A US power plant has found a novel way to hedge against fluctuations in energy prices – by mining Bitcoin on the side. As Bloomberg reports, the Greenidge Generation plant in New York’s Finger Lakes region has recently upgraded its Bitcoin mining enterprise following a successful trial, to the point where it now has 7,000 ASIC miners working away at its 65,000-square-foot facility in Dresden.
From Coal to Gas to Bitcoin
Greenidge, a former coal power station built in 1937, was decommissioned in 2011 but converted to a natural gas plant and reopened in 2016, once more supplying electricity to the region.
The owners, Atlas Holding LLC, realized that some of the electricity they generated could be made more profitable by using it to mine Bitcoin and Bitcoin Cash, with 15 megawatts of the 106 generated daily going towards the enterprise.
Low Cost Mining
Greenidge uses so-called ‘behind-the-meter’ power, which simply means power the site is generating by itself and not paying for, allowing the company to mine at a very low cost. The plant now runs 24/7 after initially only operating at peak times, with its mining equipment now able to generate ₿5.5 per day, currently worth $50,000, or over $18 million a year at current prices.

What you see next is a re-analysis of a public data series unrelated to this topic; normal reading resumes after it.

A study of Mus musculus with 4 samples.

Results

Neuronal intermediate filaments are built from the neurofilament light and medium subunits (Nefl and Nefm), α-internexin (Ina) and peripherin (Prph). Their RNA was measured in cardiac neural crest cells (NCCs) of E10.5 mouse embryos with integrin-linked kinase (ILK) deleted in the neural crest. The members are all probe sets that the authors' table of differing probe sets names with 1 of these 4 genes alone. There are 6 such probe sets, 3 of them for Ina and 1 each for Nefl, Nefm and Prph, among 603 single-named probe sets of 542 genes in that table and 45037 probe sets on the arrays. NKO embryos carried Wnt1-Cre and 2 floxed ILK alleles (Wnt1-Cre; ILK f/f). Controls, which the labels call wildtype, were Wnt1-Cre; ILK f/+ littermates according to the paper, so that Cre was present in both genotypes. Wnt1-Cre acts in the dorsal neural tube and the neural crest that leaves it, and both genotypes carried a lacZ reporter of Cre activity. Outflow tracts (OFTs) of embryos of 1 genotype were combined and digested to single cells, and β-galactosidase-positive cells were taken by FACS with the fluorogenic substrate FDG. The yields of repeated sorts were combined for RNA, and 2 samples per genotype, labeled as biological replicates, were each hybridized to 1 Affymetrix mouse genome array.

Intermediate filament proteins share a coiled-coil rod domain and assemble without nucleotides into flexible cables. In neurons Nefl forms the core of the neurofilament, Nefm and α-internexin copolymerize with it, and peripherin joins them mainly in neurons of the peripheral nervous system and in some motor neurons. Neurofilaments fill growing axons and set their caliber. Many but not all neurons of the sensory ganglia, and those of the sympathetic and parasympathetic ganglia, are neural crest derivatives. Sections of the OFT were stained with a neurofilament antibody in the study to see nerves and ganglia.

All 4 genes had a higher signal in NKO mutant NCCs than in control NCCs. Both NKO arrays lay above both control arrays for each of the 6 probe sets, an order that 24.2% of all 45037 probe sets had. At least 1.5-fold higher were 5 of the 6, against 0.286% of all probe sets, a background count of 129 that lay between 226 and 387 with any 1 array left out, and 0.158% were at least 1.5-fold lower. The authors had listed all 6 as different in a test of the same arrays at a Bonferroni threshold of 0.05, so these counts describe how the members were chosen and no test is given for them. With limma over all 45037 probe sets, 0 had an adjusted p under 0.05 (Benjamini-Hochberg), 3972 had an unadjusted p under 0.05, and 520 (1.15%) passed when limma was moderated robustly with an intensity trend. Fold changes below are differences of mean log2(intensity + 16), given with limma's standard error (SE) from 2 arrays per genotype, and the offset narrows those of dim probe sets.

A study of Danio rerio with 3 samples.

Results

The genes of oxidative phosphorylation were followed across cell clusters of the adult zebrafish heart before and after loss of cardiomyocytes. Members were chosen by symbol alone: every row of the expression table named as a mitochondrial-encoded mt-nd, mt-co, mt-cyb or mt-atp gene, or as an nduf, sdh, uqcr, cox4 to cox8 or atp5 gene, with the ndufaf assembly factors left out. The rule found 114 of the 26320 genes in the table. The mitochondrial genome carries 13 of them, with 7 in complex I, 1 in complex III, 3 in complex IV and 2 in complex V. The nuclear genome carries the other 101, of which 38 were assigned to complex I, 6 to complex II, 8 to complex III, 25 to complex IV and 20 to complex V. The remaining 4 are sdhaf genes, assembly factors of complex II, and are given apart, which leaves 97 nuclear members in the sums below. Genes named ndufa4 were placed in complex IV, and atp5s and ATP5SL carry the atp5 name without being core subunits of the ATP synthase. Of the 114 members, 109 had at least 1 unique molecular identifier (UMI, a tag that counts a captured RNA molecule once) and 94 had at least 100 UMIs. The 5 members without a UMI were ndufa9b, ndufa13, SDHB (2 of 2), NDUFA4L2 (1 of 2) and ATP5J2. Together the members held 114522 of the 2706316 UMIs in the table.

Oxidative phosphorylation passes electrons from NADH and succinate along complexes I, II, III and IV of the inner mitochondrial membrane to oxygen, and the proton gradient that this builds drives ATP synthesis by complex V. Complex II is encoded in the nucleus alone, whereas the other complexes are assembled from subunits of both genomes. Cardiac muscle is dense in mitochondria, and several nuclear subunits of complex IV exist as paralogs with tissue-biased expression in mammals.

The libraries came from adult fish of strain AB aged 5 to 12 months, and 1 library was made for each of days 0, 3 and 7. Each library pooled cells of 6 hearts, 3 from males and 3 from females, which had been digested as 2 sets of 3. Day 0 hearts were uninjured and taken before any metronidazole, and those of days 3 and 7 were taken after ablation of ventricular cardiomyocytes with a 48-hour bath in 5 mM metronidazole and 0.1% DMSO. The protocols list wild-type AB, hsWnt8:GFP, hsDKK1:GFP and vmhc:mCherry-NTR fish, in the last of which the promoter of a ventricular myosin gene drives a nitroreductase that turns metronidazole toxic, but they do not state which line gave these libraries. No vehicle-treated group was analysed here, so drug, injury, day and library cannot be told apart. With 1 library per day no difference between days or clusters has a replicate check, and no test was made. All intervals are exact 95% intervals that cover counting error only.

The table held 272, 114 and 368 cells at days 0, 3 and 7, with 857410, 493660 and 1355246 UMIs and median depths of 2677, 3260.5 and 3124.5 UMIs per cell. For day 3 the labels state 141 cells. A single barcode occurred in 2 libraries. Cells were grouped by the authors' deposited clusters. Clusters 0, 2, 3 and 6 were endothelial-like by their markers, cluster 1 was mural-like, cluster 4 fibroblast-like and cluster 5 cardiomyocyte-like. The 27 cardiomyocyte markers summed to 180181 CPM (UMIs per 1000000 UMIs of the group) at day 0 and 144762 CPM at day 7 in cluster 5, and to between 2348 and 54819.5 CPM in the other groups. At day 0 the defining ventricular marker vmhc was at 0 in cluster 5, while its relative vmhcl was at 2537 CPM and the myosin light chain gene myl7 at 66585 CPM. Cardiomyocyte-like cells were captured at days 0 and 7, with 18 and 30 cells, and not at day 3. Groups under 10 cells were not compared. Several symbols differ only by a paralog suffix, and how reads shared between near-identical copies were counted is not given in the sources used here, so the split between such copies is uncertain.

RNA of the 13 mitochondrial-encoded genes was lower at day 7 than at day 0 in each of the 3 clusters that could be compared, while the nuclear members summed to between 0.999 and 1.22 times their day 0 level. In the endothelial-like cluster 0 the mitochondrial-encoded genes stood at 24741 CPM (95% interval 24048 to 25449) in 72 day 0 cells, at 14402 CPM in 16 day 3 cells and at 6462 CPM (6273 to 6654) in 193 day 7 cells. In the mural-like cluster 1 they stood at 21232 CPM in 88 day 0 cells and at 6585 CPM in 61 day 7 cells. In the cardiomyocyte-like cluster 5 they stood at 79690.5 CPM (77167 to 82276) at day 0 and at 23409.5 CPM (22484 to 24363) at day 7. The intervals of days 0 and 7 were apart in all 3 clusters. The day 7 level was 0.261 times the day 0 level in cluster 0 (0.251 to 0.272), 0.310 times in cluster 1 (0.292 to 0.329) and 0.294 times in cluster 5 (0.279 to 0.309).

Greenidge’s Chief Financial Officer, Tim Rainey, told Bloomberg that the plant is well placed to take advantage of a reduction in more traditional mining operations following the halving, which will see miner’s profits cut in half:
We are in a favorable market position regardless of how the halving materializes. Due to our unique position as a co-generation facility, we are able to make money in down markets so that we’re available to catch the upside of volatile price swings.
Diversity is the Future of Bitcoin Mining
Low cost, energy-efficient Bitcoin mining is becoming increasingly common, as new entrants into the mining game use natural resources to their advantage to reduce their overheads.
Greenidge is in the enviable position of not just having state of the art equipment and low overheads but also not being reliant Bitcoin mining as their chief revenue source. This will likely see them outlive more established mining farms that, following the halving in May, will suddenly be struggling to make ends meet.